By Denise Spann - Milesplit Correspondent
As Sydney Thorvaldson prepared for a trip to New York this past winter, like many others with hopes of winning national titles, she witnessed a global pandemic take shape in its infancy.
Excitement turned to concern, and then concern then turned wonder.
Will things ever be normal again?
Nearly eight months later, things certainly haven't been exactly where-they-were, but they also haven't been the worst case scenario, either.
After a hugely cross country successful season, with five straight wins, Thorvaldson secured her conference championship on Thursday and is now heading toward a potential fourth straight state title in Wyoming.
That would be her 15th title of her career.
"[Our team] is a really small group, but we're all really close," Thorvaldson said. "This year our team is looking really well, and I think if we all run a great race then we could take the conference title. That's really been exciting for us to experience. I've been running with these girls since middle school and these races are getting really important to us."
Looking back all those months earlier, though, it's still a hard pill to swallow.
What could have been her best outdoor season to date became a game of what if, as both local and national cancellations piled up on the calendar.
Prior to COVID-19, Thorvaldson, a current Rawlins (WY) High School senior and University of Arkansas commit, was ranked inside the top 10 nationally in the indoor 1,600 meters (4:52.53) and the two-mile (10:31.56) run. She also ran a US No. 2 time of 10:06.58 for 3,200 meters at the Simplot Games.
The Arkansas commit knew she always loved running in a unique way, dating all the way back to the beginning of her career in middle school.
"For me, it's always important to keep it fun, because I know when you love the sport it loves you back," she said. "And so that's always been super important for me and especially during times when I've been injured, it's been tough to love the sport."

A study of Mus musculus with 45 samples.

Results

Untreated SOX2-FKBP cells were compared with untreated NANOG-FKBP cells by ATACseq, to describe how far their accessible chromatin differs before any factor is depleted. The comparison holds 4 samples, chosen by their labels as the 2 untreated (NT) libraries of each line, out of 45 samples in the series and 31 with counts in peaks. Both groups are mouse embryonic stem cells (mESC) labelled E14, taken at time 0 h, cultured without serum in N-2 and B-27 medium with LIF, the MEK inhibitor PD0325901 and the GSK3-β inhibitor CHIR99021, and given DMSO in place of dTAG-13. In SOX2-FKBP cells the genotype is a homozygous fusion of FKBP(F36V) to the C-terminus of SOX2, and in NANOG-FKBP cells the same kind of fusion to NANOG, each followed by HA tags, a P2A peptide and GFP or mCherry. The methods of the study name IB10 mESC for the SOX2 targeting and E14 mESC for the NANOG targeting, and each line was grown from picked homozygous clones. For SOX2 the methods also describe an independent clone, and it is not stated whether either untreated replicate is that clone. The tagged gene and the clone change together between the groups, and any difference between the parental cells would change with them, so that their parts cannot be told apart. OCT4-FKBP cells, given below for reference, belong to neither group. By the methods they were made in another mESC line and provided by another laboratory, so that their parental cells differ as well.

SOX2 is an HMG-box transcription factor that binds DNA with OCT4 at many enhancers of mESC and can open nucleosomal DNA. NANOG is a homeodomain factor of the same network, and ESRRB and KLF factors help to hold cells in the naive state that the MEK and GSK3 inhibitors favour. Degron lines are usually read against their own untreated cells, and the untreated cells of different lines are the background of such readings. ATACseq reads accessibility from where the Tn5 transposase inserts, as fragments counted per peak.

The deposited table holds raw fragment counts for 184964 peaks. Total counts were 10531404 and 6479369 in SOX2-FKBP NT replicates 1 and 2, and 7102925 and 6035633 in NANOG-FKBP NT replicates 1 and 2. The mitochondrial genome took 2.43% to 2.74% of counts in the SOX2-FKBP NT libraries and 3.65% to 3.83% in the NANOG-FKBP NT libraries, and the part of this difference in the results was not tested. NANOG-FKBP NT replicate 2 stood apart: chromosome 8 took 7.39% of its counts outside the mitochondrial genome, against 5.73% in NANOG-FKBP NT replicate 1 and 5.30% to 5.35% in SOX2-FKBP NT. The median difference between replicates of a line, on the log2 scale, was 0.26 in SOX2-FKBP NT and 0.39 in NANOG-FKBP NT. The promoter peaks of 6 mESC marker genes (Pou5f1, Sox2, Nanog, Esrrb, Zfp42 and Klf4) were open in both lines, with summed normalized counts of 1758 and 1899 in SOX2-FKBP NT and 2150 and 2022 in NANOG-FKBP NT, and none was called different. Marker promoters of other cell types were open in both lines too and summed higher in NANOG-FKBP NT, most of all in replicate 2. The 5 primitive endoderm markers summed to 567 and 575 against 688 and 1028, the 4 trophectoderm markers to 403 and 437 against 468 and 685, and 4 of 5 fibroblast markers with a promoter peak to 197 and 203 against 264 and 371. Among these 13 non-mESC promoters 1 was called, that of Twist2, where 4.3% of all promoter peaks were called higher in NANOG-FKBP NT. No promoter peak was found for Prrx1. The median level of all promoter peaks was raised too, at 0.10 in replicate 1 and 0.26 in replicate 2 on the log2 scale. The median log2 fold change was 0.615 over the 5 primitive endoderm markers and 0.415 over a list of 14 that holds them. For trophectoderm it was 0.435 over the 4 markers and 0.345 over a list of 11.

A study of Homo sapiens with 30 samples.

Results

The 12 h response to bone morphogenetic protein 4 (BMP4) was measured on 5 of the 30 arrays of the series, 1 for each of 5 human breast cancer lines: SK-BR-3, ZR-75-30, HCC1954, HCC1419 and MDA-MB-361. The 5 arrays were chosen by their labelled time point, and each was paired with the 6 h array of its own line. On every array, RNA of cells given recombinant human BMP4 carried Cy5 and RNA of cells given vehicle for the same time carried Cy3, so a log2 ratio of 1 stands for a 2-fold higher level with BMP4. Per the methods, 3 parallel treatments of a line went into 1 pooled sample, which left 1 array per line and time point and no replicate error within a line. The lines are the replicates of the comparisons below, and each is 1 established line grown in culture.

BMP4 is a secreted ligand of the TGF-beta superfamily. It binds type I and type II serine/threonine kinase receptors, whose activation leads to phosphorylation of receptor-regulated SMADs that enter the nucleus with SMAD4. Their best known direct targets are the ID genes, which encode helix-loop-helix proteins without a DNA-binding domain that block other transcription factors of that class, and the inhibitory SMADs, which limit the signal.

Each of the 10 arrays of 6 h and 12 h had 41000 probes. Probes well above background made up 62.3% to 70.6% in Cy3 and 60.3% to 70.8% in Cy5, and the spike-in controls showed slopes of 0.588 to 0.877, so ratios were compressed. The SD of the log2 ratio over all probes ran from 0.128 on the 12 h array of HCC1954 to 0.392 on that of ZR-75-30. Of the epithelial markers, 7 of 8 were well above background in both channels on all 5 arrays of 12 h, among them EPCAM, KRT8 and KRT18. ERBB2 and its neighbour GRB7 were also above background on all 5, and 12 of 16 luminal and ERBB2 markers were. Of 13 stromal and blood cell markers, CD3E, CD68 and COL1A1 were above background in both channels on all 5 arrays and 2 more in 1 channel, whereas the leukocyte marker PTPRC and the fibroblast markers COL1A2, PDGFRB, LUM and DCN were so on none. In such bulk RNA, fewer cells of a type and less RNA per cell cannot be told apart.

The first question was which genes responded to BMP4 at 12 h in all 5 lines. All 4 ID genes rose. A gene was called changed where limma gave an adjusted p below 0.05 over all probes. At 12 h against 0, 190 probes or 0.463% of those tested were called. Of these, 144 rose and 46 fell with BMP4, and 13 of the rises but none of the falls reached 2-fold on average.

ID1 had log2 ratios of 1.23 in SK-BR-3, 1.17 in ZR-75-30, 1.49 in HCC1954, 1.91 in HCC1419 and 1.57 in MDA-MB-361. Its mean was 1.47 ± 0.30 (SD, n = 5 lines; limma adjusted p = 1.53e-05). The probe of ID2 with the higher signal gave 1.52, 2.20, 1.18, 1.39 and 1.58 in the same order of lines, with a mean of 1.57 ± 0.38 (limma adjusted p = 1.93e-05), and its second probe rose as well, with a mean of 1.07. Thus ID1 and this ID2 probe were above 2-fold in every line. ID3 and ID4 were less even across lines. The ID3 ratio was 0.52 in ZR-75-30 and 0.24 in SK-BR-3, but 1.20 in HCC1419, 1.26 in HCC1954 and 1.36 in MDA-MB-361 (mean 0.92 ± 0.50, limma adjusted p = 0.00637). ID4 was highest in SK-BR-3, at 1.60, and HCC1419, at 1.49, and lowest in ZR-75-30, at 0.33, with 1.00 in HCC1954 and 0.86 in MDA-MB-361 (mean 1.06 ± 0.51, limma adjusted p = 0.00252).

She loved the sport so much over the forced offseason, that on some weeks she overtrained.
Ultimately, Thorvaldson would then struggle with a muscle imbalance that kept her from running. But it also turned to a positive, as she began working with a physical therapist.
"I feel like [overtraining] is the hardest thing for me, especially when I'm feeling so good and having good workouts," she explained. "It's so easy for me to think I need to do more, or that I need to do something faster with less recovery. That's always led me to injury, so now that I've learned from that I'm making minor improvements... rather than stacking on more mileage. I think that's made a huge difference for me."
"It was really tough
[losing the season], but in a way, myself and a lot of other people gained a
different love for the sport," Thorvaldson said. "Just being able to train and
love running for what it is, rather than competing and that sort of stuff. So,
in a way I think it was also a blessing."
The 2020 cross country season presented unique parameters for Thorvaldson. She wasn't entirely sure if Wyoming was going to have a season.
This left her with a lot of questions surrounding her training.
"It was weird not knowing when to start, if to start training," she said. "It was hard to know when you needed to peak and even still, are there going to be postseason competitions? Regardless, I think that myself and my team have adapted really well to it and continue to find the good in it."
Thorvaldson would have been the top returner at Nike Cross Nationals, with a third-place finish in 2019.
But Team XC Nationals didn't wait very long to give athletes an answer, as Nike canceled its team and individuals championships in July. The Foot Locker Cross Country Championships, meanwhile, did the same in October.
With no elite racing in 2020, that led Thorvaldson to ask herself a question.
What keeps an athlete with 14 state titles and national all-time best performances at her peak?
But that was a simple question -- she's not chasing the competition, she's chasing herself.
"I've always been really big on improving off myself. The good thing about that is you don't need competition to know you're improving off yourself," she explained. "Thankfully for me, I know it's different for a lot of people, but I've been able to have a pretty regular season just as I usually would. So, I've been able to compare my times from last year and I've seen major improvements which is really impressive for me. Seeing that improvement and working off what I accomplished last year has been so motivating for me."
At the Heritage Distance Classic, the senior was finally able to release that pent-up excitement and readiness from March.
Thorvaldson separated herself from the pack to run a 5K best of 16:19, which was a 20-second personal best and US No. 1.
With that performance, she's the fastest Wyoming high school female to run 5K and climbed to US No. 3 all-time.
As the opportunity to earn her 15th state title approaches, Thorvaldson finds it unbelievable what she's been able to accomplish.
"To be able to compete the way that I am is amazing," she said. "It's just an amazing feeling gaining the support of the community and the whole state in general. To be looked at as an example for younger kids is so cool."